On March 4, 2019, Secretary Pompeo extended the suspension of actions under Title III of the Helms-Burton Act for another 30 days, until April 17, 2019. We have updated our memorandum on the potential impact of a revival of Title III accordingly.
On January 16, 2019, U.S. Secretary of State Mike Pompeo announced that the administration would issue a limited, 45 day extension of the suspension of Title III of the Cuban Liberty and Democratic Solidarity (Libertad) Act of 1996 (known as the “Helms Burton Act”).
If this limited suspension is not renewed on or before March 17, 2019, it will be possible for plaintiffs to assert the cause of action authorized by Title III of the Helms Burton Act. That cause of action has been suspended for successive six month periods by every presidential administration since the law was enacted in 1996.
Title III of the Helms Burton Act recognizes a cause of action under U.S. federal law pursuant to which U.S. nationals may sue any person who “traffics” in property that was expropriated by the Cuban Government on or after January 1, 1959. As described more fully below, the relevant cause of action is extremely broad and ill-defined, reaching both direct and indirect economic transactions touching expropriated property interests. Title III provides for claims against “traffickers” for the full value of expropriated property, along with the possibility of treble damages, irrespective of the amount of economic benefit derived by the person transacting with the relevant Cuban property.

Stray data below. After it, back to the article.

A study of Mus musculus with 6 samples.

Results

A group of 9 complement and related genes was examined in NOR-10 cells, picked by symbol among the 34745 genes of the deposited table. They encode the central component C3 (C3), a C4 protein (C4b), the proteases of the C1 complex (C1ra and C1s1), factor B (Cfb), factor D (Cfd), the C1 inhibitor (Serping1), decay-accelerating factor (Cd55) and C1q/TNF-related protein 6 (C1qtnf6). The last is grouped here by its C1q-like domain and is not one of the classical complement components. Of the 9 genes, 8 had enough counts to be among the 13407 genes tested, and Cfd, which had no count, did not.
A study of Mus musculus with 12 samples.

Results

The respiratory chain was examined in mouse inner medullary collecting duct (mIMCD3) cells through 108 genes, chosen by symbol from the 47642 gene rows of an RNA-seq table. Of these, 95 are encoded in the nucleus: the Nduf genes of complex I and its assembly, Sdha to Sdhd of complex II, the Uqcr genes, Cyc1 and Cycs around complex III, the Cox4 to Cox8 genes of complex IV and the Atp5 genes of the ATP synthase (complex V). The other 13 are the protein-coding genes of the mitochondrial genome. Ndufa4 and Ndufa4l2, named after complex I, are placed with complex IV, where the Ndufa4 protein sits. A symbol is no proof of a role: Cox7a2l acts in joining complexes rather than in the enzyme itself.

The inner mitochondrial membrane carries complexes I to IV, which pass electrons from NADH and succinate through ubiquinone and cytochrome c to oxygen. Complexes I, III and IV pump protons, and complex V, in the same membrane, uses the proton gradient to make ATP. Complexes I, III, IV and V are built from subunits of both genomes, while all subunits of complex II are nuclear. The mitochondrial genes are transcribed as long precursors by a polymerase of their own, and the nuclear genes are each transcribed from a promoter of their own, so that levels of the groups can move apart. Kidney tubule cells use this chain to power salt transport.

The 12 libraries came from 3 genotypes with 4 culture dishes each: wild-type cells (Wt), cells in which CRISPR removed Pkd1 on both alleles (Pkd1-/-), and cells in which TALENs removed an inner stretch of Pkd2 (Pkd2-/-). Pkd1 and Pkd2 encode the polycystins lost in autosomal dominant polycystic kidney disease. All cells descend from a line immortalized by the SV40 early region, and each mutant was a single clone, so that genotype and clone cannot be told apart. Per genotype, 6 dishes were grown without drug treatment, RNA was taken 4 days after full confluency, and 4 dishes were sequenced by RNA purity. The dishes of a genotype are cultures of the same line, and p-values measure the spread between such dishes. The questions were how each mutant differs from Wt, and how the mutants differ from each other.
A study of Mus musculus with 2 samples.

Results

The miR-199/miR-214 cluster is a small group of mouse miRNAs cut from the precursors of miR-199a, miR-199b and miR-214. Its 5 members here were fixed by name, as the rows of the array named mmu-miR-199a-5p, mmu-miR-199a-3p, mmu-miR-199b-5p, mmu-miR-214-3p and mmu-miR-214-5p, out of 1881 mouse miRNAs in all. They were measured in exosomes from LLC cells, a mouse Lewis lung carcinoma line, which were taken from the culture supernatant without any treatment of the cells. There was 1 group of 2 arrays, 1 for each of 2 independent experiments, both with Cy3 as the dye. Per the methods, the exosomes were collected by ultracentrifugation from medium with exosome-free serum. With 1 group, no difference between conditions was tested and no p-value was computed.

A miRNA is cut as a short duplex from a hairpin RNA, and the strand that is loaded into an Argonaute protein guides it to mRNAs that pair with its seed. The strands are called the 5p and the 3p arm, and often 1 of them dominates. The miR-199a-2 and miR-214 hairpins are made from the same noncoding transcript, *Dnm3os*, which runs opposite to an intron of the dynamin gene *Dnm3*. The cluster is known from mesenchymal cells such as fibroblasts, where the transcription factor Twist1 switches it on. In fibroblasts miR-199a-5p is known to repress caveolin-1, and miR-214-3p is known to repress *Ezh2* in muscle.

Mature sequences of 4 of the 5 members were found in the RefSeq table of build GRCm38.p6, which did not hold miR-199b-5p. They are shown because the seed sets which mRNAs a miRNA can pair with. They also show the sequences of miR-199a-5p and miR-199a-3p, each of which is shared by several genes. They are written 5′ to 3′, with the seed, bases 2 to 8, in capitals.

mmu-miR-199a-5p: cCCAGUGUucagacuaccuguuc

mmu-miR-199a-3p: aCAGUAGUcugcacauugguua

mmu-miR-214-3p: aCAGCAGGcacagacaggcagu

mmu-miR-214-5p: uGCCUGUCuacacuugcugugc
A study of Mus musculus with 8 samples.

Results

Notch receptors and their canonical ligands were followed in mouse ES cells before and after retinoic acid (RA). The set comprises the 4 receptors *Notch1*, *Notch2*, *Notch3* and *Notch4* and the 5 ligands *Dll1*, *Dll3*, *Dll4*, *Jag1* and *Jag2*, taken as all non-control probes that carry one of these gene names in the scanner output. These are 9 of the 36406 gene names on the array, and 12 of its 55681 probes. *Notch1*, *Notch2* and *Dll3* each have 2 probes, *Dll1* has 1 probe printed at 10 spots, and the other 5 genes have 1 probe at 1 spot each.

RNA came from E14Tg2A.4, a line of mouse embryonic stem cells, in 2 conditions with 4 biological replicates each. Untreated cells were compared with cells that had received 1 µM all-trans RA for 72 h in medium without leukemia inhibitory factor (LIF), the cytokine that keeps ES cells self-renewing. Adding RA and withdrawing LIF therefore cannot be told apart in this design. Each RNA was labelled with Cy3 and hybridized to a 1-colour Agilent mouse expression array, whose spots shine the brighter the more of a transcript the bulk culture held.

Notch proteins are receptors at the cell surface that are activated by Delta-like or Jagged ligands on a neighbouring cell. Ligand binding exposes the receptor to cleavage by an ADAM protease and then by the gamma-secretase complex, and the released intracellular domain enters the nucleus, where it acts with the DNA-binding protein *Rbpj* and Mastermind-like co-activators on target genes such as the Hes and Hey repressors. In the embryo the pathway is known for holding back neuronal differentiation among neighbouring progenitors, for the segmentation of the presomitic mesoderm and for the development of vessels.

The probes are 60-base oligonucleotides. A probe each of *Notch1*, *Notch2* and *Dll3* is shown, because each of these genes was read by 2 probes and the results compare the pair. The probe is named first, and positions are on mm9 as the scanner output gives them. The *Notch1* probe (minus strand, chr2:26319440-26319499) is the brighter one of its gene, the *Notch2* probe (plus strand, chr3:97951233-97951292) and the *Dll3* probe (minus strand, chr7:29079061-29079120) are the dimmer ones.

It is uncertain whether the administration will in fact allow the current suspension of Title III to expire. There are compelling considerations that would cut against such a decision, including the significant risk of resurrecting trade disputes with major U.S. trading partners, such as the European Union, Canada and Mexico, and potentially reducing the willingness of such partners to support important policy objectives of the administration. Historically, such risks, which remain real and relevant today, have led successive presidential administrations, including the current administration, to conclude that the suspension of Title III should continue. However, the risk that the Trump Administration will allow the suspension to lapse, as it is threatening to do, cannot be ruled out. Were the suspension of Title III to lapse, the consequences for companies engaged in trade with the Cuban economy, directly or indirectly, could be significant.